By comparing the foreground and background color combinations of all DOM elements, this app determines if designers have provided sufficient contrast for users with color deficits. It may sound tedious, but this process is just as important as labeling forms and adding alt text to images — creating a universally accessible web.
To use Check My Colours, type in your site’s address and you’ll quickly receive a list of where color contrast was adequate and where it can be improved. Then, you can go through the list and test out alternate options without ever leaving the app.
If you’re itching for the technical details, here’s the luminosity contrast ratio and color brightness measured by the site:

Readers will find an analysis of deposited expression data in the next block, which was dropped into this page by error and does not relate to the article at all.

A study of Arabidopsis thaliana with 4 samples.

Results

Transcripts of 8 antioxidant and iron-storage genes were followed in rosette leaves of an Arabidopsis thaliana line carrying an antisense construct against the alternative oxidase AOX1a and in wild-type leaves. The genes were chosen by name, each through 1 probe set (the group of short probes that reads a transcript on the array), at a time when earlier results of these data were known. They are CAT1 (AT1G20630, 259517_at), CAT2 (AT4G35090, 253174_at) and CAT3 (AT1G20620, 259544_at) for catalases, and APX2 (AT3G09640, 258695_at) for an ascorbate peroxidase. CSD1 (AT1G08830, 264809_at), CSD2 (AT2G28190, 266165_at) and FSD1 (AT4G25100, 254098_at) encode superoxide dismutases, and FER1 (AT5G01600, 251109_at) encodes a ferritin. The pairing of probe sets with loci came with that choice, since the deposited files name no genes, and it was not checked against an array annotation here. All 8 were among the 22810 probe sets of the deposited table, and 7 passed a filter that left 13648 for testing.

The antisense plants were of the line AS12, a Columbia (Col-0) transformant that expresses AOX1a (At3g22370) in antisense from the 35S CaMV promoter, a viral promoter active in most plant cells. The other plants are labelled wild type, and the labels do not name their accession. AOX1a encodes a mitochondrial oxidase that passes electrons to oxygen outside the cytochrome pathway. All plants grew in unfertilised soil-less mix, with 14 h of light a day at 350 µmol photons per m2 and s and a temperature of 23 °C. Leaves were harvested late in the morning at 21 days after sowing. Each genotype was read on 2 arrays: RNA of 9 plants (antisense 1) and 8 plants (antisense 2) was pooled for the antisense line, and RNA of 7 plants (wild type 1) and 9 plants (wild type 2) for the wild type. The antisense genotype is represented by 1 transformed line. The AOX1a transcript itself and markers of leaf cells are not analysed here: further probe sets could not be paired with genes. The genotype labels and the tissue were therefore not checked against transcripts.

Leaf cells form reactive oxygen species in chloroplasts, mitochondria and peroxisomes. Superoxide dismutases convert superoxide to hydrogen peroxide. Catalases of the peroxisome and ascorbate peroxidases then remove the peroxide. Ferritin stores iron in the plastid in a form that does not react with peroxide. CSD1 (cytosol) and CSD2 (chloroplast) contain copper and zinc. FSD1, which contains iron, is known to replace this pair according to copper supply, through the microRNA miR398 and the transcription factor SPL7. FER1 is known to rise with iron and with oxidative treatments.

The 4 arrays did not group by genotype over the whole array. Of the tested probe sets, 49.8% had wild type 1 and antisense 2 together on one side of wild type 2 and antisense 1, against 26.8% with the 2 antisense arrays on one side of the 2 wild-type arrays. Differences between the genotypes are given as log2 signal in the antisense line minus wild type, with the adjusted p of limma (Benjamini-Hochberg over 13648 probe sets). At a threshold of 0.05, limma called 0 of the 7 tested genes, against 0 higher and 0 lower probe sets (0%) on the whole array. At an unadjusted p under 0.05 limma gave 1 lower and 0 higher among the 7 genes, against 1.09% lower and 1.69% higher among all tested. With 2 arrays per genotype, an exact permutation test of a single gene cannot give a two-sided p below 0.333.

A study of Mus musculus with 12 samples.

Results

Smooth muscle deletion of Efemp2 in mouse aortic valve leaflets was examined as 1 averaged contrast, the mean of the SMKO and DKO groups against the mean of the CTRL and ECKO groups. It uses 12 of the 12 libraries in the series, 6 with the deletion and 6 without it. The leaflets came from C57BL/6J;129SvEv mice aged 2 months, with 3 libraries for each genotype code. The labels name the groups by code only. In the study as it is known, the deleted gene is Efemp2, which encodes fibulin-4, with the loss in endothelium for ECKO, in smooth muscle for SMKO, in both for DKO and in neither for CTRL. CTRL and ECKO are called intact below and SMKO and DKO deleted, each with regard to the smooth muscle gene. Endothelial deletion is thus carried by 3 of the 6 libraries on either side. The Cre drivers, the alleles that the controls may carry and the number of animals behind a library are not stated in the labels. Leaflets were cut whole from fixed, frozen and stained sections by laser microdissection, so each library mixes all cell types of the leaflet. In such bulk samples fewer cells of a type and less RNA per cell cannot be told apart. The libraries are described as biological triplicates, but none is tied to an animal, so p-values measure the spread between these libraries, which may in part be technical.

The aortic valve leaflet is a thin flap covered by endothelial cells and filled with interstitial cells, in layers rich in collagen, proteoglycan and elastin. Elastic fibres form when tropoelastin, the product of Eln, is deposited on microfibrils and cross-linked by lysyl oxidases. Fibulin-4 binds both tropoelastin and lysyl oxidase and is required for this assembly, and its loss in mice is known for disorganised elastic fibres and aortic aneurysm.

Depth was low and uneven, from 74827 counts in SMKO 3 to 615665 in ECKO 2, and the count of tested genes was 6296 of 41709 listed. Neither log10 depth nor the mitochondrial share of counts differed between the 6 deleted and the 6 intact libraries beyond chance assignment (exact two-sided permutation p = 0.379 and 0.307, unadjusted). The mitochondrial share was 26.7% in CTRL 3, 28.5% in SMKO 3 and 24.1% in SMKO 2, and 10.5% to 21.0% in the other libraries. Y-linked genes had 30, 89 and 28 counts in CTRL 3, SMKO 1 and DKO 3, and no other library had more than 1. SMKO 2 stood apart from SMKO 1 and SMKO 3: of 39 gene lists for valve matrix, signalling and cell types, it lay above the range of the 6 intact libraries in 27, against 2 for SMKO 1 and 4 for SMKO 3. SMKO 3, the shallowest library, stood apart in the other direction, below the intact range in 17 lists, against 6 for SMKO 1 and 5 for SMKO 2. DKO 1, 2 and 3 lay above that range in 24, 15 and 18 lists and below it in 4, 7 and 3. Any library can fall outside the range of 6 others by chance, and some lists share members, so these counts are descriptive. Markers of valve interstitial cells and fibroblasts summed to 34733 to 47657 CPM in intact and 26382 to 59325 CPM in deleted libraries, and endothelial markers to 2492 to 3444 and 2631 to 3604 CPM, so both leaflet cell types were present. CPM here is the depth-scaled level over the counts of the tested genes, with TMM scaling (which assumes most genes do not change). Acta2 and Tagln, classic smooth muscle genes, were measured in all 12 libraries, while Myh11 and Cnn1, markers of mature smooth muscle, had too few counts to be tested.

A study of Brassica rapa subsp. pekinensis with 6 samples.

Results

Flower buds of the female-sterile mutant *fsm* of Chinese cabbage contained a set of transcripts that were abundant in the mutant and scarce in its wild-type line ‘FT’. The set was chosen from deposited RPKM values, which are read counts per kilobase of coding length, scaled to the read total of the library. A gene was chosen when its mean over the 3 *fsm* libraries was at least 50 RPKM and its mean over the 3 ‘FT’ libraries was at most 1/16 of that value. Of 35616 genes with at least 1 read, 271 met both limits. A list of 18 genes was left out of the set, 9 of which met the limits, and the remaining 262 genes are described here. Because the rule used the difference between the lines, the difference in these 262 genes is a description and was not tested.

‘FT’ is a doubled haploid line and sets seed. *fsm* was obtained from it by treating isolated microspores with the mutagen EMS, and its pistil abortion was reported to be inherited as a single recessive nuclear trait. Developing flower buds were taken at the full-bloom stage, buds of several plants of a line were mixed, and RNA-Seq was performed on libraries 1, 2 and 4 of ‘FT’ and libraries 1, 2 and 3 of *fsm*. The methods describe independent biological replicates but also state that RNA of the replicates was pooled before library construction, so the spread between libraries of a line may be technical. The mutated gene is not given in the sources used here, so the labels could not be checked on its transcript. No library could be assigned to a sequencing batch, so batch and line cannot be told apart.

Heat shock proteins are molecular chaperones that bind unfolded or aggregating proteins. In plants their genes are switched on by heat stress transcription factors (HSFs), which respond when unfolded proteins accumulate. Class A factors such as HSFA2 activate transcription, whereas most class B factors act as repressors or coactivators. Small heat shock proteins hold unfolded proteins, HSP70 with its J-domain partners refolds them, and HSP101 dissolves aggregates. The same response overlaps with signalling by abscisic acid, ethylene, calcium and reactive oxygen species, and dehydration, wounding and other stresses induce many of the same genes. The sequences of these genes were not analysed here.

Luminosity Contrast Ratio
(L1+.05) / (L2+.05) where L is luminosity and is defined as .2126*R + .7152*G + .0722B using linearised R, G, and B values. Linearised R (for example) = (R/FS)^2.2 where FS is full scale value (255 for 8 bit color channels). L1 is the higher value (of text or background) and L2 is the lower value.
Text or diagrams and their background must have a luminosity contrast ratio of at least 4.5:1 for level 2 conformance to guideline 1.4, and at least 7:1 for level 3 conformance to guideline 1.4.
Color brigthness (WCAG 1.0)
((Red value X 299) + (Green value X 587) + (Blue value X 114)) / 1000
The range for color brightness difference is 125.
The range for color difference is 500.
According to Scala, all of the site’s tests are based on algorithms suggested by the World Wide Web Consortium (W3C). Of course, the site isn’t perfect: It can’t calculate the contrast ratios of text that overlays images. Other than that, many designers should find the site to be an incredibly useful reference point for considering color adjustments and making the web a better place.